Saturday, May 15, 2010

Escalating Evidence on Charter Segregation

Check out the full study here.


Education and the Public Interest Center
February 9, 2010

On heels of UCLA study, new study finds charter schools operated by corporations are segregated by race, income, disability and language

Contact: Gary Miron, report co-author - (269) 599-7965;
Kevin Welner, director, EPIC - (303) 492-8370;
Report url:

BOULDER, Colo., and TEMPE, Ariz. (Feb. 9, 2010) -- Today the Education and the Public Interest Center (EPIC) at the University of Colorado at Boulder and the Education Policy Research Unit (EPRU) at Arizona State University released a study that examines enrollment patterns in schools operated by Education Management Organizations. Schools without Diversity: Education Management Organizations, Charter Schools, and the Demographic Stratification of the American School System finds these schools segregated by race, family income, disabilities, and English language learner status. As compared with the public school district in which these charter schools reside, they are substantially more segregated, and the strong segregative pattern found in 2001 is virtually unchanged through 2007.

The report finds that charter schools tend to be strongly concentrated in racial or ethnic terms compared to the districts that send students to those schools. The charter schools in the study draw their students from the extremes of family income, divided into either largely high-income or largely low-income populations. Additionally, more than half of these privately managed schools enrolled far fewer English language learners and students with special needs than did their home districts.

The study comes to conclusions remarkably similar to another nationwide study released last week by UCLA's Civil Rights Project/Proyecto Derechos Civiles. The two studies, conducted independently using different data, different researchers, and different methods, both found that charter schools segregate.

The EMO study is particularly important because the Obama administration has placed a great deal of faith in the scaling up of nonprofit EMOs (sometimes called Charter Management Organizations, or CMOs) as part of the administration's turnaround strategy. This findings of this new study suggests that these policies have the very real potential to be harmful to the nation's social and educational interests.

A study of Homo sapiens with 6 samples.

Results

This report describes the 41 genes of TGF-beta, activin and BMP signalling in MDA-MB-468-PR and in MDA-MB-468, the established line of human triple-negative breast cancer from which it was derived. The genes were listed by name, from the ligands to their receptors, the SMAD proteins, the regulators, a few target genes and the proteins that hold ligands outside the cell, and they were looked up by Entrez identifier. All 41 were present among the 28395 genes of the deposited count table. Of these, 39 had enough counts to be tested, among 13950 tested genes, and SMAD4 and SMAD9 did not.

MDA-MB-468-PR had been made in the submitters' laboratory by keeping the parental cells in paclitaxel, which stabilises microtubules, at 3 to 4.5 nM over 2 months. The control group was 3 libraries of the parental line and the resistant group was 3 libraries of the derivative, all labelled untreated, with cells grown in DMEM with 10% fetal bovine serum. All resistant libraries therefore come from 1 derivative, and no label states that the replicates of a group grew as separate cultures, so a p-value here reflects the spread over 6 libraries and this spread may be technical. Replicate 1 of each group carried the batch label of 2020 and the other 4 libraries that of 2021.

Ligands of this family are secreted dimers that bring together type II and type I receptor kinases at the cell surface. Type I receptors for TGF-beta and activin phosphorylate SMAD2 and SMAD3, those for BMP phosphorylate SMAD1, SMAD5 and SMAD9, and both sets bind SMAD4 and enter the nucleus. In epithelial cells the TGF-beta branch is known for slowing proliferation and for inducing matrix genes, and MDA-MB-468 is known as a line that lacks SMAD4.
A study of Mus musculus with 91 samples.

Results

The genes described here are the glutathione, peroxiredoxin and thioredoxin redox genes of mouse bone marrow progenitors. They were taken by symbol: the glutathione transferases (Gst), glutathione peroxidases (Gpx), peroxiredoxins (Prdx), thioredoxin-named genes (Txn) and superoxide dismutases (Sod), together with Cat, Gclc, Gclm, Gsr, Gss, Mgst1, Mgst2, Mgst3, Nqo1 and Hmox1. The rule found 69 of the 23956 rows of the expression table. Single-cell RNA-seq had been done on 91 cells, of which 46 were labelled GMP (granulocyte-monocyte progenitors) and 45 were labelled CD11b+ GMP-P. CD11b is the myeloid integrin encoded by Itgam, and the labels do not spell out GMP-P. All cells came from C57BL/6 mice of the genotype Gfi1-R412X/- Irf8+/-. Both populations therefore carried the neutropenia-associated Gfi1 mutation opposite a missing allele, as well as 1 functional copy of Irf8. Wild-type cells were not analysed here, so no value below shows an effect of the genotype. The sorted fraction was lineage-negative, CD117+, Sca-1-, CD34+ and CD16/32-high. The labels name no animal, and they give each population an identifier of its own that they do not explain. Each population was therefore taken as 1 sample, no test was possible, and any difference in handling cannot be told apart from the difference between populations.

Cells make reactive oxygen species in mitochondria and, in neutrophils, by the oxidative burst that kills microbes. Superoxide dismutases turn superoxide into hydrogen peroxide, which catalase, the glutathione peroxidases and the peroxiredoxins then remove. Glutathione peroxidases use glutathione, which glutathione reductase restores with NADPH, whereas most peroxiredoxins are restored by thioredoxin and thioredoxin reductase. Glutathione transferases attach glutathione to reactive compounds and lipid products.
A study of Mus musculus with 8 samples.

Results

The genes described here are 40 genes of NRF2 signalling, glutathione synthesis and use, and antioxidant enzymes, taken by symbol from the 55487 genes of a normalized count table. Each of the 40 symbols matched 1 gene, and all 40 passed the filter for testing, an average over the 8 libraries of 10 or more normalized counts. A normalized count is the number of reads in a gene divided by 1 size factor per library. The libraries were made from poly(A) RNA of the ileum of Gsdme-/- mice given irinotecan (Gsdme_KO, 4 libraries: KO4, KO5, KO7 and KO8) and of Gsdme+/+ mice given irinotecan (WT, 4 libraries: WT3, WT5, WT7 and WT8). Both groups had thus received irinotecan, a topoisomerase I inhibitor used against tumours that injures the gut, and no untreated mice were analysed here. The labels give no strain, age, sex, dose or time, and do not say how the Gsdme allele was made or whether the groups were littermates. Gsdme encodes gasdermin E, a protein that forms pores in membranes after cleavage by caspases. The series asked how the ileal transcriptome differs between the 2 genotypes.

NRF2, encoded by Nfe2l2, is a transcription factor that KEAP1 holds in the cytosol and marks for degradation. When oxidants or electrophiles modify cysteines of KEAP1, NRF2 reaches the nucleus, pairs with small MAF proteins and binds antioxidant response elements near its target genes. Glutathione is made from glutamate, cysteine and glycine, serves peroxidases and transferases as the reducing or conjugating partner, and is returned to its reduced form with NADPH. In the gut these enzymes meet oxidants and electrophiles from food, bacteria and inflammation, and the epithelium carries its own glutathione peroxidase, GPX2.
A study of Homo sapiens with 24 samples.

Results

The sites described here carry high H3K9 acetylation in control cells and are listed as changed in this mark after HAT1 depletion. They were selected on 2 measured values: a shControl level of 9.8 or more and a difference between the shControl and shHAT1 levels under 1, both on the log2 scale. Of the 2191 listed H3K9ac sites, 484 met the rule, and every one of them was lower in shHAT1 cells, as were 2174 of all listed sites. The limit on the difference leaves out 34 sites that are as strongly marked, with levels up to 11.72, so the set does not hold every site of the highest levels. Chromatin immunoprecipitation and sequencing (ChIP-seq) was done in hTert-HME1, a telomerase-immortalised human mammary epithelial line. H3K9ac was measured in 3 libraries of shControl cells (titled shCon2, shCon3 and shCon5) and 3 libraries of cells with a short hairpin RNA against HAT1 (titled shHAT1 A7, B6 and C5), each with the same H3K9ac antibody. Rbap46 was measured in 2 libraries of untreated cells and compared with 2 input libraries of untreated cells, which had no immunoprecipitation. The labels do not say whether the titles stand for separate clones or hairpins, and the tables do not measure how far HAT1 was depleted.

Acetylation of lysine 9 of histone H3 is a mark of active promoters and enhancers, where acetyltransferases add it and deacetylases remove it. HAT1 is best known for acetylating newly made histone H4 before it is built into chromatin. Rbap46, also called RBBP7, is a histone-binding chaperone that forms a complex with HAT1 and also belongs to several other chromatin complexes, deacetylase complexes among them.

"Charter schools were originally intended to provide distinctive learning environments," observes the report's lead author, Professor Gary Miron of Western Michigan University. "As it turns out, what is often most distinctive about charters is the composition of their student bodies." The schools show evidence both of White flight and of minority flight. "Parents are selecting schools where their child will experience less diversity," says Miron.

A primary reaction to the UCLA study from charter advocates quoted in newspaper articles has been to dismiss the importance of segregation and to argue that the key issue is results. Kevin Welner, director of the EPIC policy center at CU-Boulder, worries that this is a return to the "separate but equal" standard that was supplanted by the conclusion in Brown v. Board that separate educational facilities are inherently unequal. "Even assuming that this might be a conversation worth (again) having, the reality is that charter schools as a whole do not appear to generate improved test scores," Welner explains. "We are getting the harms of segregation without any significant achievement benefits. It is imperative that we address these two issues together. We should approach charter schools with the foundational understanding that diversity and high achievement are mutually reinforcing and then structure our charter policies accordingly."

The Education and the Public Interest Center (EPIC) at the University of Colorado at Boulder and the Education Policy Research Unit (EPRU) at Arizona State University collaborate to produce policy briefs and think tank reviews. Our goal is to promote well-informed democratic deliberation about education policy by providing academic as well as non-academic audiences with useful information and high quality analyses. This policy brief was made possible in part by the generous support of the Great Lakes Center for Education Research and Practice.